Julie Mountain, LTL's Operations Director, loves how the Growing Schools Garden at the Hampton Court Flower Show brought together so many ideas from different schools and inspired thousands of visitors.
Creating a show garden that incorporated over 30 schools' ideas into one show garden was not an easy task but supported by LTL, the garden designer Chris Beardshaw managed to create a garden that not only won a top award at the show but also amazed and motivated all those who visited it.
What was really great about the garden was that it demonstrated so many different ways school grounds can be used for teaching and learning - and each was a real-life example from a UK school. LTL's miracle-working project manager Amber Sorrell managed the garden programme from inception right up to its safe removal to Birmingham Botanical Gardens ensuring that there was a wide selection of ideas that could be replicated by schools and early years settings. There is also a fantastic website that explains how all the different features and elements were made and how they can be used for teaching and learning.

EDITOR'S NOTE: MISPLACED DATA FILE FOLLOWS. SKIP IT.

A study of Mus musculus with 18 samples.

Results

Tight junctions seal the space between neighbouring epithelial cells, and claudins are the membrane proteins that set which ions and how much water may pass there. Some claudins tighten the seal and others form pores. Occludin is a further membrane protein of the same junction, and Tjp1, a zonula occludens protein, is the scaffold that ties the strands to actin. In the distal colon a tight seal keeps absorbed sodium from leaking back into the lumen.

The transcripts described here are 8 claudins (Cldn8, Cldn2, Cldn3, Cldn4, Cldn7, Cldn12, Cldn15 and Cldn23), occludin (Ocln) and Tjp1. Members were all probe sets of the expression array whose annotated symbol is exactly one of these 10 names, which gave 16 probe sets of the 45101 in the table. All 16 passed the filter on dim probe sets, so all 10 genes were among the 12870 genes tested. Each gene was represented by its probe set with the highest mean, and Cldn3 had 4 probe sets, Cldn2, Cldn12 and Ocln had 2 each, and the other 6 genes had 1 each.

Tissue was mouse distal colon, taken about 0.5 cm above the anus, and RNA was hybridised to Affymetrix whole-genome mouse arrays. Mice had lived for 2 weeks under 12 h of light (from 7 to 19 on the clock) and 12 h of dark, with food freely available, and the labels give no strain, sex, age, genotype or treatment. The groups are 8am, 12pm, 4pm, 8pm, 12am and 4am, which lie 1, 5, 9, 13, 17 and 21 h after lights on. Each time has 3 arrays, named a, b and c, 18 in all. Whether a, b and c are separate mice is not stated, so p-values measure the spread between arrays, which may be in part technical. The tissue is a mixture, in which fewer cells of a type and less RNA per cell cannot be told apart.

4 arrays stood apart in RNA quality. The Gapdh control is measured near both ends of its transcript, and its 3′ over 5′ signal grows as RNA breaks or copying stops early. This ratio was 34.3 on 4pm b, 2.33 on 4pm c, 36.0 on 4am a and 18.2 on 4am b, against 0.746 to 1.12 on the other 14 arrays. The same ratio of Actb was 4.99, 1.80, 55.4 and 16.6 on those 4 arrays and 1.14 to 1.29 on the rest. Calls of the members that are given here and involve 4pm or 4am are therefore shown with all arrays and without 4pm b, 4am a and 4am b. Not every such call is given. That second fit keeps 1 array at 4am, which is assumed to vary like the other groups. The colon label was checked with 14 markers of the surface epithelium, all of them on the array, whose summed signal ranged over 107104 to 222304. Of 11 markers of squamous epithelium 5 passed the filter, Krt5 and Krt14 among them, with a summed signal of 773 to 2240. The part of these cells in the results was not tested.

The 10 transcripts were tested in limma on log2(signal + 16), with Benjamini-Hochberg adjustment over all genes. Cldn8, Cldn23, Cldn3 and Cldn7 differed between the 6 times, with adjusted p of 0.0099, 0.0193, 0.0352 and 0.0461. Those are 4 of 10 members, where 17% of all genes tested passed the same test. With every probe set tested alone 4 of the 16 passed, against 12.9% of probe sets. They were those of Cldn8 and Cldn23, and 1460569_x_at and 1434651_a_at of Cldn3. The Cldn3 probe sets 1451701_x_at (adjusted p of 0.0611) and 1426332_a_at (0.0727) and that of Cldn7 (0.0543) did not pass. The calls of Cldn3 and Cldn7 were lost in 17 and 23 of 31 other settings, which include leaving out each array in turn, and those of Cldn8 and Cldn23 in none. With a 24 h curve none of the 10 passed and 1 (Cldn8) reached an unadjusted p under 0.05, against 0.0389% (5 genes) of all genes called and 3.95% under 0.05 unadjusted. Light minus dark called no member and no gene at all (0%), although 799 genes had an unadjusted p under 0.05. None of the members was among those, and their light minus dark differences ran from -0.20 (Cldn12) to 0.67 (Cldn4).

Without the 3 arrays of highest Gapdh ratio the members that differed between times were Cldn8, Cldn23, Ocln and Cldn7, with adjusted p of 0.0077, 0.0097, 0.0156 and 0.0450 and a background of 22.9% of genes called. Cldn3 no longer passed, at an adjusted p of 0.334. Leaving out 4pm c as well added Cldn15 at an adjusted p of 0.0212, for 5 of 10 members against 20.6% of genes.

Over the week of the show pupils from the schools that helped design the garden came and showed visitors how they use their own grounds. There were pupils dancing around the grounds, others creating labyrinths and making flour from wheat grown in their own grounds; some were testing solar ovens for temperature rises whilst still more were planting hanging baskets.
The garden hosted hundreds of visitors from around Britain, and everyone seemed excited by what they had seen - or so their comments on our garden blackboard told us. Each wished their school grounds had been like the Growing Schools Garden and many planned to return to their children, or grand-children's schools to see what could be taken back home and recreated in their school grounds.